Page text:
Allow the crystals to dry for 1 week then, weigh it, take a MP, and calculate the % yield. * Assemble the apparatus for reflux using the diagram (see figure 1), place boiling chips or a stirring bar in the bottom of the flask. * Weigh 2grams of finely ground nutmeg and combine with 10ml of diethyl ether in a 50ml round bottom flask. * Place a heating mantle under the round bottom, turned on and the heat was slowly adjusted until the mixture starts to boil for 45minutes, then let cool to room temperature by sitting it on the lab bench. * Pour a little ether over the nutmeg residue on the filter paper so that any Diethyl ethanol traces clinging to it is washed down and mixed with the filtered liquid underneath.
Diffusion and Osmosis Lab Part 1A: Diffusion Evidence: Table 1: The Color of Different Solutions Before and After Diffusion for 30 Minutes Content | Initial Solution Color | Final Solution Color | Bag15% glucose1%starch | Cloudy white | Very dark purple | BeakerWater + IKI | Golden yellow | Golden yellow | The above table represents the final and initial colors of the solution that was inside of the dialysis tubing and the solution that was in the beaker. A 15% glucose and 1% starch solution was placed inside of the dialysis tubing. The initial color of the solution in the bag was a cloudy white but after 30 minutes of sitting in the beaker of water and IKI the color turned a very dark purple almost black. Inside of the beaker was a water and IKI solution. After sitting for 30minutes this solution stayed the same color.
About 125 mL of standard HCl with a molarity of 0.3125 and was poured into a buret. An unknown sample of soda ash was obtained, and for each trial, a little over 1 g of the soda ash was quantitatively transferred into a wide mouth Erlenmeyer flask. About 75 mL of DI water and 5 drops of methyl purple indicator was then added to the soda ash powder. The solution was titrated once until the solution turned light purple, and then the flask was put on the hotplate for about 3 minutes of gentle boiling. After, the solution was titrated once more in order to reach the endpoint that was indicated by a bullfrog green color.
• Next, I added 25mL of absolute ether and attached a reflux condenser to the flask. I turned on the water when I saw ether vapor had successfully wet the joint at the top of the condenser. • Every 60 seconds, I swirled the flask and I continued to perform this action until I saw that the reaction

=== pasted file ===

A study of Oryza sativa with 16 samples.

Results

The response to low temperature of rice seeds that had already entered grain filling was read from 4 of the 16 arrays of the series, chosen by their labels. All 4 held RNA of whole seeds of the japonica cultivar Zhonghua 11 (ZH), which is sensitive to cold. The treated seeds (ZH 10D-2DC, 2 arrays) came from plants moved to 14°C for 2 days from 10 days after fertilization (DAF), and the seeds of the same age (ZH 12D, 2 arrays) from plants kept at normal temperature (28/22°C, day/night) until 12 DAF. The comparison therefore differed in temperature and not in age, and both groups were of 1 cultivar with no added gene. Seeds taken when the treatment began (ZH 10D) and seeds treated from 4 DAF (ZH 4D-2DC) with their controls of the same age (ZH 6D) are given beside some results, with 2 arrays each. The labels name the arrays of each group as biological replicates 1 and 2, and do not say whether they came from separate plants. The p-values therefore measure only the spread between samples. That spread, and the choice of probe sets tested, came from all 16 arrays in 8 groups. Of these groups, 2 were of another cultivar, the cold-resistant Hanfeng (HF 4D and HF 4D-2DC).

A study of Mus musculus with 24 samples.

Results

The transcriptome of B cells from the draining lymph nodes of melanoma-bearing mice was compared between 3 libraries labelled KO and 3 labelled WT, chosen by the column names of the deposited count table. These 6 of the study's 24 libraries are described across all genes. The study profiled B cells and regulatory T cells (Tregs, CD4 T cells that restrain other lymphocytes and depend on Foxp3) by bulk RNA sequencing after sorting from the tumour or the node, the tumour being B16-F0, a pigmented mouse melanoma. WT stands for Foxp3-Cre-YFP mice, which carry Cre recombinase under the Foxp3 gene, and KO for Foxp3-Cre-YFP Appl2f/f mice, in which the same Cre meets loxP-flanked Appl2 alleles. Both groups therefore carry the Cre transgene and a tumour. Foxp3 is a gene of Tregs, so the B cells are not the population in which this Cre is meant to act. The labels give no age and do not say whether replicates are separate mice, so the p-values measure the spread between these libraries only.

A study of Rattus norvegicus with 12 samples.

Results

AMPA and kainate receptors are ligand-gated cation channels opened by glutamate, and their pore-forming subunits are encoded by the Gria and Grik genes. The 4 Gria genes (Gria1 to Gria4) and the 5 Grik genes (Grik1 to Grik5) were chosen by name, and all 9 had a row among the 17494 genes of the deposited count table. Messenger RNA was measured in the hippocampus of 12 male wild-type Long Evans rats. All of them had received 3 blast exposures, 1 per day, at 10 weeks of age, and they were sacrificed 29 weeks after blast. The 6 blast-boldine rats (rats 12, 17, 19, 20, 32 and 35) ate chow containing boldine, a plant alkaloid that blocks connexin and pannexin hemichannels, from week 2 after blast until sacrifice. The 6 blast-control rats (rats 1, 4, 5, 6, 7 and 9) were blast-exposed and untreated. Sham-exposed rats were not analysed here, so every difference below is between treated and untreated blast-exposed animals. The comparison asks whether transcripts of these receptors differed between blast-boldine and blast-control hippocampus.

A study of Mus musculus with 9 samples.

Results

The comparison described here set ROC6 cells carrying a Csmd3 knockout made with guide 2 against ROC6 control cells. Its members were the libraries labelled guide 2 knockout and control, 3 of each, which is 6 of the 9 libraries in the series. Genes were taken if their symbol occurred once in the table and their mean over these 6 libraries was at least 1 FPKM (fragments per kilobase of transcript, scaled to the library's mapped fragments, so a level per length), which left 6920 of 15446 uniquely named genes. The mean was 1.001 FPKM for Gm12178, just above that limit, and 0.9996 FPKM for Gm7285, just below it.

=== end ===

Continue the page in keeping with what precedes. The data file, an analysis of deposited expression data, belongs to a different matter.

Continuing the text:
In this report I will be looking at the effect of temperature in the solubility of sugar (sucrose) in water when it dissolve in different temperature of water and how long it takes to dissolve. I will also use different scientific explanations to support my findings. In order to do this this experiment I have used three different variables which are:- * Independent (temperature) * Dependant( time taken to dissolve) * Control ( volume of solvent and volume of solute) Equipment needed for the experiment is * 100 ml beaker * Sucrose (sugar) * Timer * Tea spoon * Kettle with boiling water * Thermometer * Ice cubes The methods of this experiment are as follows * First I will boil the water at 100 degree and then put the required amount of boiled water in the beaker. * Use thermometer to measure the temperature and record and then add the required amount of solute and start the timer and stirring until it completely dissolves. * Document the time it takes .I will repeat the process three times and take the average amount of time it took for the solute to dissolve in the solvent of high temperature.
We rinsed a pipette with some of the sample, filled curettes between 2/3 and 3/4 full with the samples, put a curette in the cell holder and make absorbance measurements. If we see the absorbance of the sample run out off the computer screen. That means it is too concentrated so we need to get some dilution of the sample. To dilute it, we took 1mL of the stock reference sample and dilute with water until the intensity is less than the stock reference sample. Measure the new sample volume.
First, we had to calculate how many grams of copper (II) sulfate we needed to form 100 mL of a 0.200 M solution of copper (II) sulfate. We determined that we needed to use 4.994g of copper (II) sulfate to make the solution. We added distilled water to the 4.994g of copper (II) sulfate in a beaker until it reached 100 mL. Then we put the beaker on a hot plate and added a magnetic stirrer. We determined that the mass of zinc necessary to completely react with the copper (II) ions in the solution was 1.308g.
Controlled The controlled variables of the experiment were: A. The volume and concentration of the Hydrochloric acid. B. The concentration of the Sodium Hydroxide. Equipment List * Boiling Tube * 10 cm3 1mol dm-3 Hydrochloric Acid (HCL) * 15 cm3 1mol dm-3 Sodium Hydroxide (NaOH) * pH and Temperature Probes * Data Logger * Measuring Cylinder ‘ * Boiling Tube * Teat Pipette Method * Add 10ml of Hydrochloric acid, measured in a measuring cylinder, into a boiling tube.
Stoichiometry of Reactions in Solution Lab 18 September 2013 Introduction: In the following lab, quantitative titration reactions will be completed and the mole ratios will be calculated. Using four different chemicals, two acids, hydrochloric acid (HCl) and sulfuric acid (H2SO4), and two bases, sodium hydroxide (NaOH) and barium hydroxide (Ba(OH)2.) will be combined to see the mole ratio of the chemicals. The following four equations will be the key equations to the lab. HCl + NaOH → H2O + NaCl H2SO4 + 2 NaOH → 2 H2O + Na2SO4 H2SO4 + Ba(OH)2 → 2 H2O + BaSO4 2 HCl + Ba(OH)2 → 2 H2O + BaCl2 Using a buret and the indicator phenolphthalein, it will be visible when the solution reaches the point when the ratio is correct for the reaction to start.